Season two of Adult Swim’s latest breakout hit, Rick and Morty, started off with one of the most high-concept episodes of any television show this side of Community and ended with a surprisingly intense non-stop rocket-fueled punch to the heart. Basically, what I’m saying is that if you didn’t watch any of the new Rick and Morty episodes this season, you missed out on some of the best television of 2015.
Rick and Morty’s debut season still stands as one of the biggest surprises out of Adult Swim to date. The channel is usually known for its one-note ideas (Adult Johnny Quest! The dog is also Satan! This cop is a literal ass!), but the new show from animator Justin Roiland and cancellation legend Dan Harmon rose far above its parody roots of an alcohol fueled Back to the Future. Not only did the show develop a wittingly self-aware voice for itself, but episodes occasionally dipped their toes into some pretty dark concepts like chaos theory, family abandonment, and even desensitization through the pursuit of knowledge—but only just a little at first.
If season one is where Rick and Morty got audience acclimated to what strange ideas it had to offer, season two are those exact same ideas put into full practice with absolutely no restraint.
Where season two holds up best is in how the show is actually structured a bit more like a typical show, but much to its benefit. Whereas the first season left all the fantastic adventures to the mostly drunk mad scientist Rick and his stammering grandson, Morty, the new season gets the entire Smith family involved in more of the weirdness. The biggest benefit being that Morty’s older sister, Summer, makes more appearances in every episode and even gets some great A-stories, making a more competent pairing with Rick than the idiotic Morty.
At the same time, the new episodes also took their bizarre ideas even further. The season premiers with Rick, Morty, and Summer actually ripping the space-time continuum into multiple realities, displayed by slicing the screen right down the middle. This repeats until the episode actually climaxes into 64 different screens at once and staying that way until the anomaly gets resolved.
In any other show, an idea this crazy would be enough to confuse and alienate an audience away for good, but Rick and Morty embraces this and draws us in even closer with just how ostentatiously crazy it’s willing to get. How crazy? Other highlights include an Ice T alien actually made out of ice, an alien parasite that induces a clipshow that so fake that it has to be real, an entire planet of cat people who engage in a The Purge style celebration, and even Rick becoming trapped in a teenage clone of himself who becomes the most unquestionably beloved cool kid at school—and that’s just barely scratching the surface of how inventiveRick and Morty’s sophomore season gets.
The season does run a little disappointingly short at just ten 22-minute episodes, but then again, leaving us wanting more is a sign that a show’s doing something right. Many fans may be disappointed that only a few one-off characters from the first season make returns, but this can be forgiven just for how many new characters from Rick’s varied past. The best of which is arguably an appearance from Stephen Colbert in the episode “The Ricks Must Be Crazy.”
Colbert plays Zeep, a skeptical alien scientist who lives the world of a battery that Rick invents to fuel his ramshackle spaceship. When Zeep discovers that his entire world exists just to power a battery, he turns on Rick and Morty and tries to escape to wreck vengeance on their universe. As the all-knowing scientist character of the show, Rick can definitely command the direction of every episode, so it’s an absolute joy to see Rick evenly matched by his own intellectual equal—not to mention that Colbert’s performance fits wonderfully for the know-it-all Zeep, putting his own annunciated character acting to hard work.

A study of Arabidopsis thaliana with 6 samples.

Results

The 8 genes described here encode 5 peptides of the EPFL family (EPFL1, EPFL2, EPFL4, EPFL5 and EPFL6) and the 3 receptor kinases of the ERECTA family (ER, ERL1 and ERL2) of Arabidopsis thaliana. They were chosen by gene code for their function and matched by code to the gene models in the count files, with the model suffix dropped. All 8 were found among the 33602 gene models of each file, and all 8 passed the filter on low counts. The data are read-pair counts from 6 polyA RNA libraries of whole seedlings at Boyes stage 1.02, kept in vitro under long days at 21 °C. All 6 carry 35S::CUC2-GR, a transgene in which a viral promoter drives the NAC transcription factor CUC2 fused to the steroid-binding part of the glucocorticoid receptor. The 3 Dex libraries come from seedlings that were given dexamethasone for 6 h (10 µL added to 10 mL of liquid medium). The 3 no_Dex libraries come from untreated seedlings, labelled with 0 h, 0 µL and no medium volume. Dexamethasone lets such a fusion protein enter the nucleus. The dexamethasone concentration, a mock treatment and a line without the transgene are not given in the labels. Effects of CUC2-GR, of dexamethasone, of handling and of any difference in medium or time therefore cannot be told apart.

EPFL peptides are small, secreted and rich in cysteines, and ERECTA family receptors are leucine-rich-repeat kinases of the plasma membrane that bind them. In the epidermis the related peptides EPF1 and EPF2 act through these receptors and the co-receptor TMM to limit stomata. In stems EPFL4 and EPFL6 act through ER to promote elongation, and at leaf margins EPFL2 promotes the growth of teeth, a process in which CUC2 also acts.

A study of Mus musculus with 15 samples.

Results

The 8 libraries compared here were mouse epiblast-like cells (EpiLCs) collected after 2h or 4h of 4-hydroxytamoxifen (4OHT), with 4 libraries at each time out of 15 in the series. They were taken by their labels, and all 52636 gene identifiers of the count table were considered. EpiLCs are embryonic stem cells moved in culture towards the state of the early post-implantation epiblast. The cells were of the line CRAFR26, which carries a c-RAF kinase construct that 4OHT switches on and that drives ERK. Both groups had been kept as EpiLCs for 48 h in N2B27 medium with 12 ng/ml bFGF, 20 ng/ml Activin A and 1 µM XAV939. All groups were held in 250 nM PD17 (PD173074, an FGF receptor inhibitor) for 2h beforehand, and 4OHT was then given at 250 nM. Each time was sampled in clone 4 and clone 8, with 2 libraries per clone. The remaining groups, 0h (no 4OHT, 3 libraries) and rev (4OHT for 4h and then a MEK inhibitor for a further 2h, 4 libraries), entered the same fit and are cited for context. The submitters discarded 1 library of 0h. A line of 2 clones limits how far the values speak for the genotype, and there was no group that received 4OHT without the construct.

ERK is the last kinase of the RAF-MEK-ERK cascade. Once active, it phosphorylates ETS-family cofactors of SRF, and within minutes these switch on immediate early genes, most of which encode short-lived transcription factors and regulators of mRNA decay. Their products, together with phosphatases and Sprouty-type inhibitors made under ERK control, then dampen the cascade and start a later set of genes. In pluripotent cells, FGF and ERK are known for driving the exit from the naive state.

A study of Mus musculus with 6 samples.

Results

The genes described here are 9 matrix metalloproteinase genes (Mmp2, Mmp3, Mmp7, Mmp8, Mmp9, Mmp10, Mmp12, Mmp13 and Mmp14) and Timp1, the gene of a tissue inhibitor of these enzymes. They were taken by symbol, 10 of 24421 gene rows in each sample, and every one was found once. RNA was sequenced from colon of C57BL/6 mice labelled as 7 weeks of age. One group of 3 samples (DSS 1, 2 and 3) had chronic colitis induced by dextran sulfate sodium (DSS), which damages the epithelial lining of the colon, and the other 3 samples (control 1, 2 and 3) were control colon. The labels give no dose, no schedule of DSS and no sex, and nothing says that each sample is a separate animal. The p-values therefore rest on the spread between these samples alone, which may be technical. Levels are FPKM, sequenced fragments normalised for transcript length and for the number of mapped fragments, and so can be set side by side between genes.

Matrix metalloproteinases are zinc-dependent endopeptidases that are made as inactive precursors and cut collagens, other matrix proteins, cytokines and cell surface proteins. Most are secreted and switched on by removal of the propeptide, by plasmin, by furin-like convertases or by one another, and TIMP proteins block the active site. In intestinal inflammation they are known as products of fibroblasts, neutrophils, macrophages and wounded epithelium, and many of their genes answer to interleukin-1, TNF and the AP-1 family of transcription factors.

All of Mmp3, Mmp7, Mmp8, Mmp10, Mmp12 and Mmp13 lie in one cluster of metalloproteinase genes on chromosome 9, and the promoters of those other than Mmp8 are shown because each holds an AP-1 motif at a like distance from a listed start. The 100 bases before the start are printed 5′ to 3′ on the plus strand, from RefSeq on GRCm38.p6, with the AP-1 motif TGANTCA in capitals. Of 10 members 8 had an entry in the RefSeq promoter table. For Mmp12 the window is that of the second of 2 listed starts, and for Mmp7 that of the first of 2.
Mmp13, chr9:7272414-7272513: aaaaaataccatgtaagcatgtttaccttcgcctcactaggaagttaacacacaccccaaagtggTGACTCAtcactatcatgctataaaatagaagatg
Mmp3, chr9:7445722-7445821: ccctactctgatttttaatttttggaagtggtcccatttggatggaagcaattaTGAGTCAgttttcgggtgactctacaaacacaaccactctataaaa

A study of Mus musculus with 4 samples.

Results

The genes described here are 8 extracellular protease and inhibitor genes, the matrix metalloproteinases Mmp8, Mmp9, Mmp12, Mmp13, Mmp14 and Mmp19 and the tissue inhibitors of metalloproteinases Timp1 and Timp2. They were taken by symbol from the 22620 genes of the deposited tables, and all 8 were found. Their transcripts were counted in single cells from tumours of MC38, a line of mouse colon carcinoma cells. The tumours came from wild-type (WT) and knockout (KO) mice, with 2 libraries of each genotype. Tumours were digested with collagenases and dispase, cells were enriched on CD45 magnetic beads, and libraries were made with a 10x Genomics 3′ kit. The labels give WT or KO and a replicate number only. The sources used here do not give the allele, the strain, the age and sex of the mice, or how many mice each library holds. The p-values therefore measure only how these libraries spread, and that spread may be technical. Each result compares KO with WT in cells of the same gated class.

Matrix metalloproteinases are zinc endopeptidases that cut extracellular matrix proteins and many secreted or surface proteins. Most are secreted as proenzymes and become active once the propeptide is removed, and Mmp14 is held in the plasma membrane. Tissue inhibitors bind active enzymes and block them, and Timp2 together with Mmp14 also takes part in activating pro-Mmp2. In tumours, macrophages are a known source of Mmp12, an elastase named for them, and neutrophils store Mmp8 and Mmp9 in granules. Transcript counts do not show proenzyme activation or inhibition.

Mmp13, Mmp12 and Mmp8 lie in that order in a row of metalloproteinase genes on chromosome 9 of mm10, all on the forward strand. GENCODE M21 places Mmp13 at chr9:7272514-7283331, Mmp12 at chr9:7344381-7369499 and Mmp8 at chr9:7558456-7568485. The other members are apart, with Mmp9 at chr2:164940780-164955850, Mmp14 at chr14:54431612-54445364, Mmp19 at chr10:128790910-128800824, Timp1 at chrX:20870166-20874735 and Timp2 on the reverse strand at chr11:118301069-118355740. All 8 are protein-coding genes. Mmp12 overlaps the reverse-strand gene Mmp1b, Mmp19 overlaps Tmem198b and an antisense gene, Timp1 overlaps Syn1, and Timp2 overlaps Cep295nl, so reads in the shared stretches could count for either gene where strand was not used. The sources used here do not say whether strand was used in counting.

For as much fun as the show has with itself this year, it does end many of the episodes with the same shockingly dark overtones as the infamous “Rick Potion #9” episode from the first season. Much of the ruthlessness and directionless suicidal depression of Rick is teased throughout the entire season as well as the effect that his self-destructive life has had on his daughter, Beth and the rest of the Smith family. This all leads up to a phenomenal finale where it finally comes to a head with an amazing emotional payoff. If the big question of season one was “does Rick truly love Morty,” season two asks if the family really needs Rick or if he’s the one dependent on them.
The season does end on a massive cliffhanger, though, so it stands to beg if we even get a final answer by the end of the tenth episode. The stakes are raised, the world of the show has changed dramatically, and many sacrifices are made along the way. Rick and Mortyrivals another show for the most intense television wedding by the end of it all.
So is Rick and Morty season two worth watching? Most definitely, yes. A lot of the show is still pretty the same as before—the same unrestrained raunchiness, the same direct nods to obscure sci-fi productions, and the same disgustingly beautiful designs, it’s all there. Where it does improve though, is in the writing and in its use of characters. By the time the season had wrapped up this fall, the clunkiness of some of the first season’s episodes could be seen when compared to the stronger and more economical stories of the second.
If you found the writing of the first season awkward or off-putting, the second may just have more of the meaningful stories you were looking for out of Rick and Morty. After all, this is the show that has Werner Herzog going on an entire monologue about how depressing the human race’s obsession with penises is, and honestly, where else on television or film are you going to find that?
Until season three debuts, I’m going to have to say, nowhere else.